Adam Smith's out; Tuesday morning at the Victoria & Albert Museum in London, Bank of England Governor Mark Carney announced that the UK is seeking nominations for the new face of their £20 banknote. Instead of any old politician or philosopher, however, they've specifically requested the names of prominent British visual artists.
"The visual arts is broadly defined and covers architects, artists, ceramicists, craftspeople, designers, fashion designers, filmmakers, photographers, printmakers, and sculptors," the Bank of England writes on its website. "These areas form part of our everyday lives, from the buildings around us to the artwork that inspires us, the clothes we wear and the objects we use."
Already, Business Insider UK reports that popular online betting site Ladbrokes has named their most probable contenders, placing 4:1 odds on both 17th-18th century painter and satirist, William Hogarth, and actor, filmmaker, and all-around great voice, Richard Attenborough. But there's no way that the list stops there—with centuries of available British visual arts talent in the running, The Creators Project has selected our five favorites for the future of the £20.
Potter's illustrated children’s books have remained household staples since their publication in the early 20th century. Her most well-known and beloved series centers around the rebellious Peter Rabbit and his devious escapades in the garden of Mr. McGregor. Reproductions of Peter have proliferated cultures throughout the globe for the past hundred years, with movie reproductions of the stories, stuffed animals and statues of Peter and his family, etc.—Beatrix’s rabbit is, in short, an icon of England’s literary heritage.
Gjon Mili's 1942 portrait of Alfred Hitchcock, via Flickr user Insomnia Cured Here
The “Master of Suspense” himself, Sir Alfred Hitchcock has contributed countless technical and narrative innovations to the cinematic arts, earning his place in history as the original auteur. From 1923-76 he directed over 50 classics, including Vertigo, Psycho, and The Birds, and even received knighthood in 1980. His endlessly quotable ideas about suspense changed not only filmmaking, but storytelling as an art form—plus, his iconic profile would make for a great press on the £20 note.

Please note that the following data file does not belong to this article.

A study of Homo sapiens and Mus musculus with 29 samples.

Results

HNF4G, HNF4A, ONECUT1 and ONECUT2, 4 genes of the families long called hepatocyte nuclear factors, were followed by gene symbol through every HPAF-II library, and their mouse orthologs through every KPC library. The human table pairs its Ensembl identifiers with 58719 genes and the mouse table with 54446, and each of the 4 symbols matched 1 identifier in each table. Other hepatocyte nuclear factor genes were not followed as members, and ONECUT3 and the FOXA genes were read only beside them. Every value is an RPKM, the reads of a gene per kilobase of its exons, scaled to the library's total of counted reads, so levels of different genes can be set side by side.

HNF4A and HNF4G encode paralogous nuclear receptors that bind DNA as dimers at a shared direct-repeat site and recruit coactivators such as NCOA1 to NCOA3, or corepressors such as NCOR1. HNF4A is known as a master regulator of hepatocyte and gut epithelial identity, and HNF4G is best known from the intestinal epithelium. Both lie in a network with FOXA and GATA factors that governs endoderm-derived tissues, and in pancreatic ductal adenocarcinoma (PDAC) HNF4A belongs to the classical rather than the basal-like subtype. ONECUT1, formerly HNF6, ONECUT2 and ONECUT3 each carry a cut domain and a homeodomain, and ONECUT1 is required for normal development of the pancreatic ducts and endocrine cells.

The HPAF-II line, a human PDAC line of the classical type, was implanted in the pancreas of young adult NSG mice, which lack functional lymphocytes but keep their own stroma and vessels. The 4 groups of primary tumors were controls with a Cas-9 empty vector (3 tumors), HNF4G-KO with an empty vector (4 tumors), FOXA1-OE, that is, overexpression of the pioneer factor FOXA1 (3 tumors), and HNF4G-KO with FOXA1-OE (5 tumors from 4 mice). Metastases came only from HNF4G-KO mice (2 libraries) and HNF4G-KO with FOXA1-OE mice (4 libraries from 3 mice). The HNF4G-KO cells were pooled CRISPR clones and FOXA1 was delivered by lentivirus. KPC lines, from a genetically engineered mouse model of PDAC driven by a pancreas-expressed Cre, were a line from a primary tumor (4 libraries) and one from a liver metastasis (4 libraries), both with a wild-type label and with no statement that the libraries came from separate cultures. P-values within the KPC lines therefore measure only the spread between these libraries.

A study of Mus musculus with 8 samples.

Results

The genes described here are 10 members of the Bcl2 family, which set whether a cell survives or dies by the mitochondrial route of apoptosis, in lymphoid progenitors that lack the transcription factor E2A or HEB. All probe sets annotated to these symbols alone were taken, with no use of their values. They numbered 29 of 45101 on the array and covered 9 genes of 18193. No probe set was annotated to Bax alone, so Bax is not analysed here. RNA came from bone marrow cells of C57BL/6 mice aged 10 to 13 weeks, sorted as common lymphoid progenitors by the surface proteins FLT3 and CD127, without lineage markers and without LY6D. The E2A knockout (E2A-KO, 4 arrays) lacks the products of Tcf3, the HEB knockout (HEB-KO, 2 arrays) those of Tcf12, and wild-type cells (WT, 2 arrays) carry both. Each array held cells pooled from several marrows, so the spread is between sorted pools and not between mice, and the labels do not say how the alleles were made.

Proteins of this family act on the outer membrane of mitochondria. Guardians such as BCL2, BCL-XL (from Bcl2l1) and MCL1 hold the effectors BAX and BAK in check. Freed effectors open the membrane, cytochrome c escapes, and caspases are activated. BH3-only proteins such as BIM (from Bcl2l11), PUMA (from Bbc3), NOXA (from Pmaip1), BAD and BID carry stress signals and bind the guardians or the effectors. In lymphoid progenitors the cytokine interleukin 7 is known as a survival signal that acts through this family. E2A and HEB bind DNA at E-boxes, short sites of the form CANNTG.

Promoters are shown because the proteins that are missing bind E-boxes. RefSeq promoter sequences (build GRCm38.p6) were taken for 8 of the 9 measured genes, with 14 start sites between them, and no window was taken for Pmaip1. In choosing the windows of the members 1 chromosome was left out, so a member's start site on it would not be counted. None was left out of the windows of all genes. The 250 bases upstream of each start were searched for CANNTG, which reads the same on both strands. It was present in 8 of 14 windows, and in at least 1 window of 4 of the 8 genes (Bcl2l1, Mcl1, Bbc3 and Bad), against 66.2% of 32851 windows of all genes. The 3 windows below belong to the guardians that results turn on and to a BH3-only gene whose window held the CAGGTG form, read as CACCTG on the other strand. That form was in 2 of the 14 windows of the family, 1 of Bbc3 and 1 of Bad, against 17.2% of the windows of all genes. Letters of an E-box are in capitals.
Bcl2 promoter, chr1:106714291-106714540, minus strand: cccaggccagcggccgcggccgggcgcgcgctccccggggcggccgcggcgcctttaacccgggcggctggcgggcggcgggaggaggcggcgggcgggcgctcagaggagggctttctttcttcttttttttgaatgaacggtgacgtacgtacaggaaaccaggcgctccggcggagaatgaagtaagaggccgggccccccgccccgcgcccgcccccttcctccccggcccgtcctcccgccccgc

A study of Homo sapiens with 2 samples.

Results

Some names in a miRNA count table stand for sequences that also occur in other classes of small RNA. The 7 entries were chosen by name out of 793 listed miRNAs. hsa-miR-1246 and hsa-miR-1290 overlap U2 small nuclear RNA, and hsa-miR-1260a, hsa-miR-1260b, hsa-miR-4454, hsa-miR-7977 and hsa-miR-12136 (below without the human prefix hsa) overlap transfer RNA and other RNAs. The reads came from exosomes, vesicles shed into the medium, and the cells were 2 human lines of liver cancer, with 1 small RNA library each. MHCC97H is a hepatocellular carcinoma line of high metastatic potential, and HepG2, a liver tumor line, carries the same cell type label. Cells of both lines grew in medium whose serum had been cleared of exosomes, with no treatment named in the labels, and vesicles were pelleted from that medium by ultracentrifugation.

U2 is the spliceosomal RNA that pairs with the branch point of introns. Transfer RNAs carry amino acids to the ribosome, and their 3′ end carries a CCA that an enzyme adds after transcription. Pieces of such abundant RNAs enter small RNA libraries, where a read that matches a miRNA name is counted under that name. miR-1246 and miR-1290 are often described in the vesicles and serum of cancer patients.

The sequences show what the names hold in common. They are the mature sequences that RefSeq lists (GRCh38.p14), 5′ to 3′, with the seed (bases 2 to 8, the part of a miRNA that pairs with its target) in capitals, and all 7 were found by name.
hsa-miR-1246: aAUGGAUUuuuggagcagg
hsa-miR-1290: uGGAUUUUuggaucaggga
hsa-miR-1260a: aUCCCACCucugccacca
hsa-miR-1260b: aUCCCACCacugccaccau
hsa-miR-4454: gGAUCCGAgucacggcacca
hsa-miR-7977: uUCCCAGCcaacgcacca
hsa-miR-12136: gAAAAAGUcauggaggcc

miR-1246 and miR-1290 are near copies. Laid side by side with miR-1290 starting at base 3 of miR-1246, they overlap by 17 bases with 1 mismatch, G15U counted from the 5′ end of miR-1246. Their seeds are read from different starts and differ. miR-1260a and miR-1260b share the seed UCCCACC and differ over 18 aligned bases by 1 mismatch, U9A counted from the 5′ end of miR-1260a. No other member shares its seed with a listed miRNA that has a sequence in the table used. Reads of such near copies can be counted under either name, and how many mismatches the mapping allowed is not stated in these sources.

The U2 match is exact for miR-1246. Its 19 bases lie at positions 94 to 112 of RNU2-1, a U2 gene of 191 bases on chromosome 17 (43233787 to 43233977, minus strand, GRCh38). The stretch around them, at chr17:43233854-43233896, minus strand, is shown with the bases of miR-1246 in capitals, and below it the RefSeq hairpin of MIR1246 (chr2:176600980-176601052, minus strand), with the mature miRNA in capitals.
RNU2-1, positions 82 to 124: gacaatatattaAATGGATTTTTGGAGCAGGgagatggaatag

Not to be confused with the Elizebethan philosopher, Francis Bacon was a conceptual painter with a reputation for capturing particularly bleak impressions of humanity. At a 1971 retrospective at the Grand Palais, Bacon was considered by many to be Britain’s greatest living painter. His Three Studies of Figures at the Base of Crucifixion (1944) was a seminal reaction to the horrors of World War II, and his studies on the work of Picasso, Velasquez, and more, continuing commentary on religion and death, and unique perspective as a gay man in the 20th century would make a lasting—and hopefully horrific—impression on the new banknote.
Hepworth was and is considered one of the pioneers of modernist sculpture. Retreating to St. Ives during World War II and remaining there until her death, Hepworth built herself a local prestige within the Cornish art scene, as well as an international presence with her elegant stone, wood, and bronze works. Additionally, Hepworth served as a prominent leader of the UK’s artistic community, fostering cross-medium collaborations and helming what would come to be known as the Barbara Hepworth Museum and Sculpture Garden in Cornwall.
The late Savage Beauty icon is best remembered for his outrageous and theatrical couture constructions. From elaborate costumes on the catwalk to popularizing the skull motif on scarves, McQueen managed to constantly shock fashion out of its cushy world and into the realm of the fantastic. He was one of the youngest designers ever to win the British Designer of the Year award and dappled in designing everything from sneakers to color palettes for makeup. Seeing as the Bank of England is switching over to specialized polymer banknotes, the ever-experimental McQueen would undoubtedly make a fitting face for the new material.
Who do you think should be on the new British £20? Click here to cast your vote with the Bank of England, and post your suggestions in the comments below.